Friday, June 20, 2008

To Korean shop clerks selling to Western customers:

If you follow us around at a distance of closer than two and a half meters, and smile expectantly each time we glance over at you to determine, "Is she still following me?"

You actually decrease your chance of making a sale.

Just thought you'd like to know.

(p.s.: and if you watch my every move, it makes me feel like you suspect me of shoplifting. . . another detriment to your closing percentage.)


Anonymous said...

It really sucks when I need laundry detergent at a large supermarket. These hawkers nearly make it impossible to do price comparisons or make a choice on my own.

It's gotten so bad that I will take their bag, walk to my choice, exchange bags, and then "take what I want to buy" to the checkout line as they cuss me out to my back. Sparking isn't it.

John from Daejeon

MiMi said...

When I used to go in Korean owned stores, they'd follow me around (which is ONE of the reason why I don't go in those stores, anymore)

What I did was put them to work. I thought, 'you wanna follow me? FINE!' 'Can you get this for me?' 'Can you see if this is in stock?' 'Can you hold this for me?' 'Can you get a basket for me?' 'Which do you think is best? Why?' 'Can you take this to the register for me? Thanks!'
I'd make them do all my shopping. They caught on to what I was doing and left me alone, lol. I'd walk in and they'd look at me, smile and say 'hello!' and stay behind the register or stay in the stockroom. LOLOL!

As a matter of fact, whenever I go into any store and folks start that profiling business, I put them idiots to WORK. They soon leave me the heck alone. They'll start saying, 'do you need anything else?' With a weary look on their faces. Sometimes, I let them go. Other times, I really lay it on thick, so they'll 'learn'.

Oh, I can play their games...

Roboseyo said...

:) I like your response, Mimi. . . sometimes I freeze and look at them like a deer in the headlights, and try to evade them like an animal being stalked, until they figure out that I don't like being followed.

John: sometimes I do that, too. Or I take it, and then set it nicely on the nearest open space of a nearby shelf.

I think it's just a difference in approach -- some of my students like the "hand and foot" treatment, and are indeed swayed by the hard sell, while we NorAms at least, are more accustomed to wandering around the Sears' hollering, "Hello? Anybody got a key to the fitting room?" and pushing back with passive-aggression or resistance if somebody lobs a "hard sell" at us.

Anonymous said...

It would be nice if I could look at clothes in Korean stores without being told that "SIZE NO". I'm not that huge, and I actually do fit into Korean clothes. Not the teeny ones though. I'm no toothpick.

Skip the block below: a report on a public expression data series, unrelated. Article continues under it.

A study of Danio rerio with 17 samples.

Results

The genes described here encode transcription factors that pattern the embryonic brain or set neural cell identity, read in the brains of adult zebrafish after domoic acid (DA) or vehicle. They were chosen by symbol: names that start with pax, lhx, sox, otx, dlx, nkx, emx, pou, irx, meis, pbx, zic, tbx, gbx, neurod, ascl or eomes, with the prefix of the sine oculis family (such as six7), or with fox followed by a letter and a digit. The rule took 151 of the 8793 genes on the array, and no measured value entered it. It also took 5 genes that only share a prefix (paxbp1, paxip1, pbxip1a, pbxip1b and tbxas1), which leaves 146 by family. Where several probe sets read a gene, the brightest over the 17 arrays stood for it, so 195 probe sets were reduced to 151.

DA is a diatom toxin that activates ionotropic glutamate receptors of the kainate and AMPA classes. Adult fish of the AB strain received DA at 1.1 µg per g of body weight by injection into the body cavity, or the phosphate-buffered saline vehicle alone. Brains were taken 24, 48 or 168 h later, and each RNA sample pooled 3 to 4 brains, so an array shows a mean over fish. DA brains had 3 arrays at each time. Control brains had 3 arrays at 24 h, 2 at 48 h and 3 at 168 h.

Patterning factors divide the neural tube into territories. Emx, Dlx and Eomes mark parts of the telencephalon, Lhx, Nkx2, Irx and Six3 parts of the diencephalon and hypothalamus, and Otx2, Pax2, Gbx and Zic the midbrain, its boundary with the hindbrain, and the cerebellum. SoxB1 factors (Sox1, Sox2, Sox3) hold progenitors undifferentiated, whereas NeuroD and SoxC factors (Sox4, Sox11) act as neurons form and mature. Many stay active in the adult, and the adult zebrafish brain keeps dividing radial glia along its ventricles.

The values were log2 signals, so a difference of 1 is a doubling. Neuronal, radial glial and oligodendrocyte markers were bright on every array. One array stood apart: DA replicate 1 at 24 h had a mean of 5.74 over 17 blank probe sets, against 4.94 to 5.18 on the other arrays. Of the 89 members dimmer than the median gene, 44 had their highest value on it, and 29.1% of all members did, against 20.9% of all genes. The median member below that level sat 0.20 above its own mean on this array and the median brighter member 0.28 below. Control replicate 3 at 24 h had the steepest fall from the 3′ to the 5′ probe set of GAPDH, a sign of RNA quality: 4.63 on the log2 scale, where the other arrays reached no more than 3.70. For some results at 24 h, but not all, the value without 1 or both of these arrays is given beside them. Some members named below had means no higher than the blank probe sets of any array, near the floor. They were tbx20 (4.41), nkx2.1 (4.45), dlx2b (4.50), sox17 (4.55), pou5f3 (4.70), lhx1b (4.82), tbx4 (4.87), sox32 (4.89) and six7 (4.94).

It would also be nice if I could try things on. That would greatly GREATLY increase my chance of buying something.

Anonymous said...

This only happened to me when I was looking at menswear. With neckties, it would be 110% of the time. Sometimes two women would be following me at once. For shirts and jackets it wasn't quite that much but it was close. In any other kind of store, never.

Anonymous said...

There's an easy way around that...
If its a woman, make a pass at them in fast-speak English or straight-up Ebonics. Even if they're in their 50s.They go total deer-in-headlights on you.

If it's a guy, just tell him what you're looking for, in vague terms. After a little negotiation, they'll figure it out soon enough and find at least something.

The same trick works wonders in Western countries as well.

Brian said...

The only time I ever recall it being oppressive was at ABC-Mart or one of those shoe stores. Really awkward, made worse since the shoes there are ridiculously expensive, so I'd walk around flipping each one over to find the price, and quickly flip them back.

Actually it almost never happens to me at all anymore, and it sometimes makes me sad. I'd like the people to hawk their wares at me once in a while, but I guess they assume I don't understand or that I don't need whatever they're selling. One time a woman selling Welch's grape juice gave her sales pitch to me, and because she was friendly I bought some. Awww.

Roboseyo said...

I agree. ABC mart is one of the most obnoxious shopping experiences I've ever had -- the ones I've been in play this aggressive, loud techno music that doesn't just fade into the background, or relax me enough that I'm susceptible to buying, but it ACTIVELY puts my guard up through its noisy unpleasantness. Music is more important than people realize -- a coffee shop near my workplace is going to fail soon, in part because it plays crap music.

I've found clothing stores to be the worst for "followers" - I have a feeling it's simply a matter of assigning the one who speaks the best English to the westerner (often) -- and sometimes you get the hilarious "oh shit!" face (as in, "oh, shit! I don't speak any English!") followed by a "you deal with him" mini-shoving match. . . but EVERY consumer experience can't be THAT fun.